Common Black and White Birds
Herons – Family Ardeidae
The Black-crowned Night-Heron is common in many parts of the United States. Compare with Yellow-crowned Night-Heron, especially juvenile birds.
Skimmers – Family Laridae
The bill configuration of the Black Skimmer (coastal only) makes this species an easy one to identify.
Woodpeckers – Family Picidae
Compare this Downy Woodpecker to the very similar but larger Hairy Woodpecker.
Flycatchers and Phoebes – Family Tyrannidae
The Black Phoebe is a western species that might be confused with some races of the Dark-eyed Junco.
Note the white tip on the tail of this Eastern Kingbird.
Chickadees – Family Paridae
The Black-capped Chickadee and the Carolina Chickadee are very similar.
Black-capped has more white on the wings. Ranges overlap in limited area.
The Carolina Chickadee is a southern cousin to the Black-capped Chickadee, above, The Carolina Chickadee has less white on the wings.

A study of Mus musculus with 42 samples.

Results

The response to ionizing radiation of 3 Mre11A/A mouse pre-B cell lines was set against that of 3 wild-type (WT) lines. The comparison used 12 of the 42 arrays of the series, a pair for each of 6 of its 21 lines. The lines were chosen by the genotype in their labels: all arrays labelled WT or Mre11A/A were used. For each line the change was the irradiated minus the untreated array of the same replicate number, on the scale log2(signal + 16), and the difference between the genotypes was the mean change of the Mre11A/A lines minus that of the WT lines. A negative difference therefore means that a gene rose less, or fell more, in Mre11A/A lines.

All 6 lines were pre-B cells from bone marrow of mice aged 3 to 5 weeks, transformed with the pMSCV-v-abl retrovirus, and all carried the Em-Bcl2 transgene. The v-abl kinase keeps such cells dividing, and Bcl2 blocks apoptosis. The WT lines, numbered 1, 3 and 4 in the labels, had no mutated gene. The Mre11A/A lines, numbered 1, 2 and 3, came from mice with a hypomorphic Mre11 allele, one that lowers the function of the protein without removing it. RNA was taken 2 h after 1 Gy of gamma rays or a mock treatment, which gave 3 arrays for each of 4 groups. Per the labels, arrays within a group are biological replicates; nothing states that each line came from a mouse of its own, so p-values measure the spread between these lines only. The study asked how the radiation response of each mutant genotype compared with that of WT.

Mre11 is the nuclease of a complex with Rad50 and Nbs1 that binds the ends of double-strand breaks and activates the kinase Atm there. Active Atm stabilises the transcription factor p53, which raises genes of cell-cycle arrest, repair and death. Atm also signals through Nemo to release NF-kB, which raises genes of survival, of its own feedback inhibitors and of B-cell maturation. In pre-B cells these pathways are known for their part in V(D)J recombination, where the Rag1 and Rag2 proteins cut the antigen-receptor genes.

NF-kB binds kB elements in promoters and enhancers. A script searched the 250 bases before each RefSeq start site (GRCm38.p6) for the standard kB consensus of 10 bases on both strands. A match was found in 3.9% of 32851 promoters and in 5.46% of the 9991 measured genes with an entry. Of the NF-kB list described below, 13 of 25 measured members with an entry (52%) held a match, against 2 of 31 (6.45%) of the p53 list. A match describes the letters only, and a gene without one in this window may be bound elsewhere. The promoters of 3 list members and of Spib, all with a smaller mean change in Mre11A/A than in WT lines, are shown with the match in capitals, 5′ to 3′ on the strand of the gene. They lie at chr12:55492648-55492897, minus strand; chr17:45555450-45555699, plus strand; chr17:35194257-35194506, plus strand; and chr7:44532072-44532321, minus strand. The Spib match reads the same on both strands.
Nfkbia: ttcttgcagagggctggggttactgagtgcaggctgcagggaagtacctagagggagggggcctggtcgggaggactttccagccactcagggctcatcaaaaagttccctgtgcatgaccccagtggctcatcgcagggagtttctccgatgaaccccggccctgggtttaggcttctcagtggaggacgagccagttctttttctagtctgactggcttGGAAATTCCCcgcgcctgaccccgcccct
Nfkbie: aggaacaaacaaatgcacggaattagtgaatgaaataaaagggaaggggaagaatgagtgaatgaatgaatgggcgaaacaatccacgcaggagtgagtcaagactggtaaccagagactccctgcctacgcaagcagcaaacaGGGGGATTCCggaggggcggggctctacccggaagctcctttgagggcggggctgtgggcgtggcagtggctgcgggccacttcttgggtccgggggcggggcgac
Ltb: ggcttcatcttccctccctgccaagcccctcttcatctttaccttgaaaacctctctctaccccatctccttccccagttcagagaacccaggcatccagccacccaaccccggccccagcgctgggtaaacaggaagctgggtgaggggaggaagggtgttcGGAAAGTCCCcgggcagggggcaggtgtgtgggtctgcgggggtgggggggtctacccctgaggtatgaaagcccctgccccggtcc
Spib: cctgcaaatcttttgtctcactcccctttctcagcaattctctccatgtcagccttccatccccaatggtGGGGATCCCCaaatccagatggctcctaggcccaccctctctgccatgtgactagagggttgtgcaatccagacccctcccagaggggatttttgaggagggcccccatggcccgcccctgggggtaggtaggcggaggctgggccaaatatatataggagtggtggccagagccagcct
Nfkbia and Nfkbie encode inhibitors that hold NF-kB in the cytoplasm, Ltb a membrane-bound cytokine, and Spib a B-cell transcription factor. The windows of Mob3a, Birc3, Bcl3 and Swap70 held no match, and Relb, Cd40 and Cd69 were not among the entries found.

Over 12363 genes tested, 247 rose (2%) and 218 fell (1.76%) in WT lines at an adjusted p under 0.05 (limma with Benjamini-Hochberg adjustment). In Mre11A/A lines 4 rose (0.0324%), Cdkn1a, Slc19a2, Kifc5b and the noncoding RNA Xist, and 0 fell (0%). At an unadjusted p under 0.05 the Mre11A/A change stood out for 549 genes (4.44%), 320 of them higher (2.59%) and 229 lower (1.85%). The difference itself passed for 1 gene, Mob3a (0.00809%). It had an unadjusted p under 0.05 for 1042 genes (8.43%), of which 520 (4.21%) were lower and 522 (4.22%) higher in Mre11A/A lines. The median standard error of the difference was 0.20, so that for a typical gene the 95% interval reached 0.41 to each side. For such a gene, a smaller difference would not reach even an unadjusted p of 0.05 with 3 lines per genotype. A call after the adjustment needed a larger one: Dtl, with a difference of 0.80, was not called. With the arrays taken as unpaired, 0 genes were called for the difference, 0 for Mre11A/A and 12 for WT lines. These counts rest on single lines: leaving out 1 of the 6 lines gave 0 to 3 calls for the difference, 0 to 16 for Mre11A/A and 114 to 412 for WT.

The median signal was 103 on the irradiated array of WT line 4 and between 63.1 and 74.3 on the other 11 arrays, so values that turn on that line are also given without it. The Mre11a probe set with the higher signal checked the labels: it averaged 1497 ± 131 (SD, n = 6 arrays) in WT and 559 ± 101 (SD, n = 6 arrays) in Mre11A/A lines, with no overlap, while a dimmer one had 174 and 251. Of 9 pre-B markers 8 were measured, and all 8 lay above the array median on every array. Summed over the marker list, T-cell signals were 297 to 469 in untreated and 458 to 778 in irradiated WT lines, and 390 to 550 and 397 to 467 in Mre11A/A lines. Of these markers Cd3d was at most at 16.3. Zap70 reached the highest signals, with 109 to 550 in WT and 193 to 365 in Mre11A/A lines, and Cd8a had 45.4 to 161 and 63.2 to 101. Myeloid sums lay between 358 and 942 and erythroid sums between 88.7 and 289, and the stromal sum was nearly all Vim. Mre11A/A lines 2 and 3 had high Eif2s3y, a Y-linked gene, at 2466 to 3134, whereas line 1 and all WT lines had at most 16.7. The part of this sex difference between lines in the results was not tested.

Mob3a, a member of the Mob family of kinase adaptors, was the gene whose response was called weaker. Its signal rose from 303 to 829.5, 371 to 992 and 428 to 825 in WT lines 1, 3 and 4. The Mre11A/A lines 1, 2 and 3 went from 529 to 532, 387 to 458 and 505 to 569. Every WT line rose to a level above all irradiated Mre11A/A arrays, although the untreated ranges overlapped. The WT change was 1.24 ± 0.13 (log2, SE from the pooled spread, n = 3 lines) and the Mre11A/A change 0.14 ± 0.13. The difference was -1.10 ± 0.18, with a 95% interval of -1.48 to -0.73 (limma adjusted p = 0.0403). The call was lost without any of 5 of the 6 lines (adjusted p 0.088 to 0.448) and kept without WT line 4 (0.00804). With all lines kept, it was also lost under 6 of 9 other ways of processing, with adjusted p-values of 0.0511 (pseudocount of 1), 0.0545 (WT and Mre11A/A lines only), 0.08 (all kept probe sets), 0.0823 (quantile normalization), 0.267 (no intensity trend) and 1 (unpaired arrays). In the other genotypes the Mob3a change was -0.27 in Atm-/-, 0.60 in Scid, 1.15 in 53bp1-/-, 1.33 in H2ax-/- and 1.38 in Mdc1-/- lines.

Shrikes – Family Laniidae
The Loggerhead Shrike is also called the butcher bird, named for its habit of impaling grasshoppers and mice onto thorns. Compare with similar Northern Shrike.
Nuthatches – Family Sittidae
The White-breasted Nuthatch has an aggressive display -- a crouched posture with outstretched wings. Compare with the Brown-headed Nuthatch in the southeast.
Wood-Warblers – Family Parulidae
The Black-and-white Warbler is most often observed on trunks or large branches, not in leafy areas. Compare with Blackpoll Warbler.
The Yellow-rumped Warbler is one of our most common warblers.
Birds in the western United States have a yellow throat. Eastern Yellow-rumped Warblers have a white throat.
Grosbeaks – Family Cardinalidae
The Rose-breasted Grosbeak (male) is most often reported during migration, when it shows up at feeding stations and birdbaths. Female Rose-breasted Grosbeak and female Black-headed Grosbeak are very similar.